How to handle grief after a pet’s death—and why we all need to change our attitudes about it

Doug’s amateur soccer team had just lost their playoff game and he needed a pick-me-up. So he decided to stop by the local animal shelter on his way home. He was by no means looking to adopt an animal but puppies always put a smile on his face. “Rookie mistake,” he told me in our psychotherapy session. “You set foot in one of these places and no way you’re not leaving with a puppy.” Delia, the puppy in question, was a five-month-old mutt. “I had her for seventeen years,” Doug said, wiping tears from his eyes, “Almost my entire adult life. I knew it would be rough when she died but I had no idea…I was a total wreck. I cried for days. I couldn’t get any work done. And worst of all, I was too embarrassed about it to tell anyone, even my old soccer teammates who loved Delia. I spent days at work crying in private and muttering 'allergies' whenever someone glanced at my puffy eyes.”

Losing a beloved pet is often an emotionally devastating experience. Yet, as a society, we do not recognize how painful pet loss can be and how much it can impair our emotional and physical health. Symptoms of acute grief after the loss of a pet can last from one to two months with symptoms of grief persisting up to a full year (on average). The New England Journal of Medicine recently reported that a woman whose dog died experienced Broken Heart Syndrome—a condition in which a person’s response to grief and heartbreak is so severe, they exhibits symptoms that mimic a heart attack, including elevated hormone levels that can be thirty times greater than normal.

While grief over the loss of a cherished pet may be as intense and even as lengthy as when a significant person in our life dies, our process of mourning is quite different. Because pet loss is disenfranchised, many of the societal mechanisms of social and community support are absent when a cherished pet dies. Few of us ask our employers for time off to grieve a beloved cat or dog as we fear doing so would paint us as overly sentimental, lacking in maturity or emotionally weak. And few employers would grant such requests were we to make them. Studies have found that social support is a crucial ingredient in recovering from grief of all kinds. Thus, we are not only robbed of crucial support systems when our pet dies, but our own perceptions of our emotional responses are likely to add an additional layer of emotional distress. We may feel embarrassed and even ashamed about the severity of the heartbreak we feel and consequently, hesitate to disclose our distress to our loved ones. We might even wonder what is wrong with us and question why we are responding in such "disproportional" ways to the loss.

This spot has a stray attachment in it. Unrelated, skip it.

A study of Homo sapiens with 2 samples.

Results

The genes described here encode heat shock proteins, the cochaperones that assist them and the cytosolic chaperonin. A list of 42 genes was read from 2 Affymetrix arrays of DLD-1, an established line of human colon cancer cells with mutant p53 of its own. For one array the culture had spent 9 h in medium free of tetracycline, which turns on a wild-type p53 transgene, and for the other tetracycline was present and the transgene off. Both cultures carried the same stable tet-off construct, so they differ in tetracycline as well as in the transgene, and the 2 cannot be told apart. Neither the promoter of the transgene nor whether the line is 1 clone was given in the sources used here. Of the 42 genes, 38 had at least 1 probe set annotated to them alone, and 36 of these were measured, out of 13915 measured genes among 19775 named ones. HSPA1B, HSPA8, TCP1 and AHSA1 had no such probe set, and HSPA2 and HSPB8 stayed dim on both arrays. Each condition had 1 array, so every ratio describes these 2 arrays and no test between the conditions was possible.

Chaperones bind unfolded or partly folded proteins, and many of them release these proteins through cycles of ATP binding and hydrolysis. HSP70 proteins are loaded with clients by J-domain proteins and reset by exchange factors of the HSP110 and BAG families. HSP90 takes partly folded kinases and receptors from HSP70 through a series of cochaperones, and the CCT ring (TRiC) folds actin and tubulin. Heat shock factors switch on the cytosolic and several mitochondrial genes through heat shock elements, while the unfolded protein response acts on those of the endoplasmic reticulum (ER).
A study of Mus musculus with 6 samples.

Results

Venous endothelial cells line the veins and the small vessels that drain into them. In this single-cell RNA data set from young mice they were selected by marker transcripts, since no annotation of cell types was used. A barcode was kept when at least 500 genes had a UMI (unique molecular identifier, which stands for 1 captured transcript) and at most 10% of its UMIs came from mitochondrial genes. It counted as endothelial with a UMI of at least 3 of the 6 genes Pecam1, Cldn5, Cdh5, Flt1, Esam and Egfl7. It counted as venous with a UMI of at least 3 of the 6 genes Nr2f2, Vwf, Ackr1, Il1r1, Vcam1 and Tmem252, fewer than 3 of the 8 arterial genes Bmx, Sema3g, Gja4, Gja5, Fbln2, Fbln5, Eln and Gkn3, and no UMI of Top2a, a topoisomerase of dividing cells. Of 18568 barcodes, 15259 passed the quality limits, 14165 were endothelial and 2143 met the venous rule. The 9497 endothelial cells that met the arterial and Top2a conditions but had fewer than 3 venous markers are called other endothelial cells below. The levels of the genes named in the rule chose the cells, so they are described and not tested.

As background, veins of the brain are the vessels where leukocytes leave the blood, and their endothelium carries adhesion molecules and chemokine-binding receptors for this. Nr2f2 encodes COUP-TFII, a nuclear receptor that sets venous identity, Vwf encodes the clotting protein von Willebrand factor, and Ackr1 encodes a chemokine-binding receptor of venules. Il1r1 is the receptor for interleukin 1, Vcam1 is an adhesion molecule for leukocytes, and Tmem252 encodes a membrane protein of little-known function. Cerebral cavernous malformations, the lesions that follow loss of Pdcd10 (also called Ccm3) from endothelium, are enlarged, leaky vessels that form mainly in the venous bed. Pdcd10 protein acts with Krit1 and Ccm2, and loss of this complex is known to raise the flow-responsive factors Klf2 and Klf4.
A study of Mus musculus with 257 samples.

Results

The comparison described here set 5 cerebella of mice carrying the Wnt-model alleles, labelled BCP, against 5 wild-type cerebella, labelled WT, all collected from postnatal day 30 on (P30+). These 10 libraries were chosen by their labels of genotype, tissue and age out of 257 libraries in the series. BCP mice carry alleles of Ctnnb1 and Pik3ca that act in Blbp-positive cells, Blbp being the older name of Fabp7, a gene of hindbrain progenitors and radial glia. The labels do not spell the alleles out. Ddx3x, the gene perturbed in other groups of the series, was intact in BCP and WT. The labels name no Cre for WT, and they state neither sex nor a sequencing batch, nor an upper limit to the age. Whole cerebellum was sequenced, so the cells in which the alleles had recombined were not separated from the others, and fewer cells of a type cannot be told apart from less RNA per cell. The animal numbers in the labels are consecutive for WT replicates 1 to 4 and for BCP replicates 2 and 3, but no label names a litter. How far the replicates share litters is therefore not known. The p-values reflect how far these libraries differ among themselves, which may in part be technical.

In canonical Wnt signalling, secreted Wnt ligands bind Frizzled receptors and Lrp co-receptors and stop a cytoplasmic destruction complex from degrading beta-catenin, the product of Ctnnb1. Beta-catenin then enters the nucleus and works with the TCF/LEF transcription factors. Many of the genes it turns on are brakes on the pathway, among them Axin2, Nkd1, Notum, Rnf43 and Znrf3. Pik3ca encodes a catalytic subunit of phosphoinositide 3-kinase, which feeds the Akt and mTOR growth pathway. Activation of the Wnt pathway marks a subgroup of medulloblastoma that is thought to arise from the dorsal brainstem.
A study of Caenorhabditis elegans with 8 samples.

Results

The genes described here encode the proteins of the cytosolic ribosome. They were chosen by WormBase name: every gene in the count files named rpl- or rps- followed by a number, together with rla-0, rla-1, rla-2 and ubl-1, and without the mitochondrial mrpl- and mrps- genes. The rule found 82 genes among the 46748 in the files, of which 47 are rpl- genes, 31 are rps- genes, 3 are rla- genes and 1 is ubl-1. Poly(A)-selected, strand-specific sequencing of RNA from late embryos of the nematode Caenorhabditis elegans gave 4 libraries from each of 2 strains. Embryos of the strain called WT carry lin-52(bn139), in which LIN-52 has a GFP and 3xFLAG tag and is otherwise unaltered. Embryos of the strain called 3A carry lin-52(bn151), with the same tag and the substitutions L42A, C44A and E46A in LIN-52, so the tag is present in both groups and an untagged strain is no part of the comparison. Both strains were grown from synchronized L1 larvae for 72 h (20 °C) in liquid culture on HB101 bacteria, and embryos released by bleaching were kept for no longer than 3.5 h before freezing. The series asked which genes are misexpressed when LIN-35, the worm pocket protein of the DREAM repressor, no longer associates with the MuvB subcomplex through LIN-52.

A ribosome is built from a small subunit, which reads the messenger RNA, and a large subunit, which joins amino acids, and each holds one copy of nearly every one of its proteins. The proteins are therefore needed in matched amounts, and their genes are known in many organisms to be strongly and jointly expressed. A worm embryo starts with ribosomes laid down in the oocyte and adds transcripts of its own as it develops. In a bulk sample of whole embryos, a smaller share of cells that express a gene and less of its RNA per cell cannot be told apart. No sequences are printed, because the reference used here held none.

Feeling intense grief that is then layered with shame about these feelings not only makes pet loss a bigger threat to our emotional health than it would be otherwise, it complicates the process of recovery by making it more lengthy and complex than it should be.

Further, given our societal attitude that invokes responses such as “It’s just an animal” and “You can just get another one” we are likely to overlook the variety of ways our lives are impacted by pet loss (both real, practical and psychological), which can blind us to steps we need to take in order to recover. Losing a pet can leave significant voids in our life that we need to fill: It can change our daily routines, causing ripple effects that go far beyond the loss of the actual animal.